Path to Eagle forged by older brothers
Teen becomes third Moore son to earn highest honor in Boy Scouts
Tom Fedor/The Gazette
Scott Moore never had much of a choice about participating in Boy Scouts.
Whenever his interest waned — as it started to during his late teens — the examples set by his brothers nudged him back on track.
Moore, 18, of Jefferson, officially began to follow his older brothers Greg, 27, and Ben, 24, down the path to the Eagle rank when he joined the Tiger Scouts in 1996. According to his father, Jim, he actually "started Scouting as an infant in his carrier at his brother Ben's Cub Scout meetings."
On Saturday, 13 years after starting his journey, Moore received his Eagle badge and joined the fraternity of young men who have reached that highest goal of Scouting, a group that now includes all three of Jeanie and Jim Moore's children.
"It's kind of hard to believe that all three boys have achieved this goal," Jeanie Moore said before Scott's Eagle ceremony began Saturday. "They've accomplished something that less than two percent of Boy Scouts do. They've achieved something greater than is imaginable right now. It's a real proud moment — I'll be sure to have Kleenex."
Scott earned his Eagle rank as a member of Troop 279 of Point of Rocks, as did Greg; Ben went through Troop 1066 of Jefferson. Reaching the rank of Eagle requires years of commitment, acquiring a sash full of merit badges and completing a community service project.
The "Eagle project," as it is known, is a rite of passage for teenagers nearing the rank, and it is planned, managed and executed with minimal adult assistance.
Greg painted a playground at the Jefferson Ruritan Center, Ben refurbished utility buildings and utility boxes at Catoctin Mountain Park, and Scott finished refurbishing a pavilion at the Point of Rocks Ruritan Community Center last summer.
But the story of Scott's Eagle project has an odd ending. After completing the work, he left to work in Colorado with AmeriCorps for the summer.
Three weeks later, unbeknownst at the time to Scott, who was busy clearing trails out west, a tree fell on the pavilion and destroyed it. So goes the luck of the youngest of three brothers.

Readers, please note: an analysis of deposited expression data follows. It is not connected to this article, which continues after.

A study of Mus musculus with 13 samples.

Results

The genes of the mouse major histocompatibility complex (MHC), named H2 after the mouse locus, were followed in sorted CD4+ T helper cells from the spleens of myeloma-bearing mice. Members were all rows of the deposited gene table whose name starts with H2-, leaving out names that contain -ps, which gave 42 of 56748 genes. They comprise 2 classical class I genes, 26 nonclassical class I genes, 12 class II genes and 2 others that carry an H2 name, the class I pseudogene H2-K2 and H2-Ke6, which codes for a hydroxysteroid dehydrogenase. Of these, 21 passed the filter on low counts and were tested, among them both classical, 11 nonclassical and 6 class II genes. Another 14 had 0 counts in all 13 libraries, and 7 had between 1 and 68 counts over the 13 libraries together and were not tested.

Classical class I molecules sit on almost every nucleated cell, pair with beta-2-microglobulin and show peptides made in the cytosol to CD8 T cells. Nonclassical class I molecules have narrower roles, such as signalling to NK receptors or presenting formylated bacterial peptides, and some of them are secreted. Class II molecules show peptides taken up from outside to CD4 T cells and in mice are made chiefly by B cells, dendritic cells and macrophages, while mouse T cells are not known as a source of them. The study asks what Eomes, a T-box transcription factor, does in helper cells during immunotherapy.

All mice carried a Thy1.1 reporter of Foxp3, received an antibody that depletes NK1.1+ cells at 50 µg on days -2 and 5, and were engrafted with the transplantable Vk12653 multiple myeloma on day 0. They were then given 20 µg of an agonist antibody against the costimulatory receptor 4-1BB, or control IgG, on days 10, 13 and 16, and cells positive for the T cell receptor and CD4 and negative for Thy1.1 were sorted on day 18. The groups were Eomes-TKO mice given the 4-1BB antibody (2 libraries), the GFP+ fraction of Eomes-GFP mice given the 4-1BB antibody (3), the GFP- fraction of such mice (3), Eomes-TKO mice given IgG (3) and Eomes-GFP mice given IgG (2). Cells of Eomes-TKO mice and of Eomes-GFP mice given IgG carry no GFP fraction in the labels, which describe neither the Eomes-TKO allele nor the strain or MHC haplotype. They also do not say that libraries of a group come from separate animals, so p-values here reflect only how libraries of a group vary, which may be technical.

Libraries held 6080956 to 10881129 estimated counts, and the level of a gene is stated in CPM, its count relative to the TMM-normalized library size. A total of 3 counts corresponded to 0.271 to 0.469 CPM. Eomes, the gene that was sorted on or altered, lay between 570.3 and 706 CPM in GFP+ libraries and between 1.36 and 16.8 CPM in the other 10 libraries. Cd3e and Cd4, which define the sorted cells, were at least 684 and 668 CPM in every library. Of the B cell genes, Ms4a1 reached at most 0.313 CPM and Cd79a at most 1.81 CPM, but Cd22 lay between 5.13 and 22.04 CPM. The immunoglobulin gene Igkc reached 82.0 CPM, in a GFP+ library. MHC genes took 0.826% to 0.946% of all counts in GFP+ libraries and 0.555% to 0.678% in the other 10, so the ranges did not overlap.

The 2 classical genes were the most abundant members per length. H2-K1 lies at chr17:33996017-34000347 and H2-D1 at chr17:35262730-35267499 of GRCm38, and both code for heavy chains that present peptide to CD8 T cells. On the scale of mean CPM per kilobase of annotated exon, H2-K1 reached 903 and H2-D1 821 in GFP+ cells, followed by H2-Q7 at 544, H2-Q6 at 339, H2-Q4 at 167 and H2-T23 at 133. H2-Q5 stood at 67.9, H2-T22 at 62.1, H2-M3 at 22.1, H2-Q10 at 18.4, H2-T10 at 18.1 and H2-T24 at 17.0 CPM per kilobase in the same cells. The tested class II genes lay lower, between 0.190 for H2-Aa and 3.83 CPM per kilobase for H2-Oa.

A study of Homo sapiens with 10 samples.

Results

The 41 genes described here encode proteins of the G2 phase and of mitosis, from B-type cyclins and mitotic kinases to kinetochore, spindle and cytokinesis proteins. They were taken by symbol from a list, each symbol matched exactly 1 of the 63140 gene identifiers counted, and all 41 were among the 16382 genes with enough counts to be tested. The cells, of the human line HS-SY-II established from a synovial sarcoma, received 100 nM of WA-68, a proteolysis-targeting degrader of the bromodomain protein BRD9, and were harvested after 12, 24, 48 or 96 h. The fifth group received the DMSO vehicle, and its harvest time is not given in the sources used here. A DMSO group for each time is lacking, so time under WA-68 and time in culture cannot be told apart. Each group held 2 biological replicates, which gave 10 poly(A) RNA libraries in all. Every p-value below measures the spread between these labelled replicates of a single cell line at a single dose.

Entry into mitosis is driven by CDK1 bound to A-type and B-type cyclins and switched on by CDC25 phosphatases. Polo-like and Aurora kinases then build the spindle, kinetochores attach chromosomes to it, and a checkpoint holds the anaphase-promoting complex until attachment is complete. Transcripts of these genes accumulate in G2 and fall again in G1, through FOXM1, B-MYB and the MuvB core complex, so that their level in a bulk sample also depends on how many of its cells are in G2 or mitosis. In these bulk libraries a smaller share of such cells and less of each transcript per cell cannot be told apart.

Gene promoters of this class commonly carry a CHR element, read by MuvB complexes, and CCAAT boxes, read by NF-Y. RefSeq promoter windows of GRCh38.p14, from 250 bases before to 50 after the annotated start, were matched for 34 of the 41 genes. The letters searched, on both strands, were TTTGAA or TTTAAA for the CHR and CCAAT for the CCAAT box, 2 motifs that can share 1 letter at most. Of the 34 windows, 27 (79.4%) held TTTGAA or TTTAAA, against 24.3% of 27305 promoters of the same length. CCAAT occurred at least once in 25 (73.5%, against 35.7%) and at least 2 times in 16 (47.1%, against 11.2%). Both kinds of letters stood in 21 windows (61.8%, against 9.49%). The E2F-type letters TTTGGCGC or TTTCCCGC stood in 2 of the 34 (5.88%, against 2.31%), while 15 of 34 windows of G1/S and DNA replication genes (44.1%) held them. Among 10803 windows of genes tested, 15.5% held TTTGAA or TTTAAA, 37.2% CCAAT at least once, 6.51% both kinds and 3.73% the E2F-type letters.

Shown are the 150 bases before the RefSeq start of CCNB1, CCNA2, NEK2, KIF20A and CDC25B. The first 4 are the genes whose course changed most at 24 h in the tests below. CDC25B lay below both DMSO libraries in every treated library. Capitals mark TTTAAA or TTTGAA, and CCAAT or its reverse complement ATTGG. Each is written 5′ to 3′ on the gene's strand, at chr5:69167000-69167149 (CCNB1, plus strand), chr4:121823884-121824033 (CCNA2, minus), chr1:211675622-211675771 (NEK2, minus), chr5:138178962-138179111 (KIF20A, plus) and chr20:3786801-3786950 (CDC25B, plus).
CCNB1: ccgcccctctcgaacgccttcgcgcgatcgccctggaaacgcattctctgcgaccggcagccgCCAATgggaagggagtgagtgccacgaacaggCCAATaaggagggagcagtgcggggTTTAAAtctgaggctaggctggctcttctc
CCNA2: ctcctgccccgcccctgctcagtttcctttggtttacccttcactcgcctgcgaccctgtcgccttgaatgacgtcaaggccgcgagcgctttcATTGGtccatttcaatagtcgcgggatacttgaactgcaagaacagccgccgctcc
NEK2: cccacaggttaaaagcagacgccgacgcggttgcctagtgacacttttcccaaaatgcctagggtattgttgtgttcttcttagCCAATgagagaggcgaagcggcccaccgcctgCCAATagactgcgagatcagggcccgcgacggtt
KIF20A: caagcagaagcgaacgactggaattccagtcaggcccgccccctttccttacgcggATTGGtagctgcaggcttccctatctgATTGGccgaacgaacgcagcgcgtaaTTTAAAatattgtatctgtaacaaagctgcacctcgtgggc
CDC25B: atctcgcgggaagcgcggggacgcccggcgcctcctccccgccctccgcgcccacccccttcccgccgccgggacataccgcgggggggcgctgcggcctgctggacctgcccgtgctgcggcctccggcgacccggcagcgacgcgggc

Despite the unfortunate event, Greg and Ben were beaming with pride before the ceremony, as they stood with Scott, all three matching in the ubiquitous tan shirts and olive slacks.
"It's an accomplishment, how many people can say they stuck it through with Scouts? Of course I'm proud of him. He's going into the world a lot more prepared," Ben said.
The three are not only connected by blood and the code of the Eagle Scout. They also all graduated from Brunswick High, and all three chose to attend college in their home state. Greg graduated from the University of Maryland and works as an electrical engineer in Norfolk, Va.; Ben graduated from Towson University and is doing technical theatre work on a cruise ship; and Scott starts at Frostburg University later this month, where he will pursue a biology degree.
Tom Wheatley, an assistant scoutmaster with Troop 279 who has known the Moores since he and Ms. Moore helped lead Cub Scout Pack 1066 in Jefferson 15 years ago, was in attendance to see the final Moore son have his Eagle award pinned to his shirt.
Wheatley is also the eldest member of a trio of brothers who achieved the unlikely task of all reaching the Eagle rank. He has a theory that families of Scouts often help give young men the drive they need to reach the highest ranks. As such, he is proud — but not particularly surprised — that the boys were able to achieve their common goal.
"Generally, once the first brother gets Eagle, the family is already fairly involved in Scouting, and the older brothers may give a push to the younger siblings," he said. "… It's fantastic that he got Eagle, because we knew he was going to make it."
As Scott puts it, he is now a part of something bigger than himself.
"It feels really good. I've always looked up to [my brothers]," he said before his ceremony. "In the legion of Eagle Scouts, we're all brothers now."
E-mail Connor Adams Sheets at email@example.com.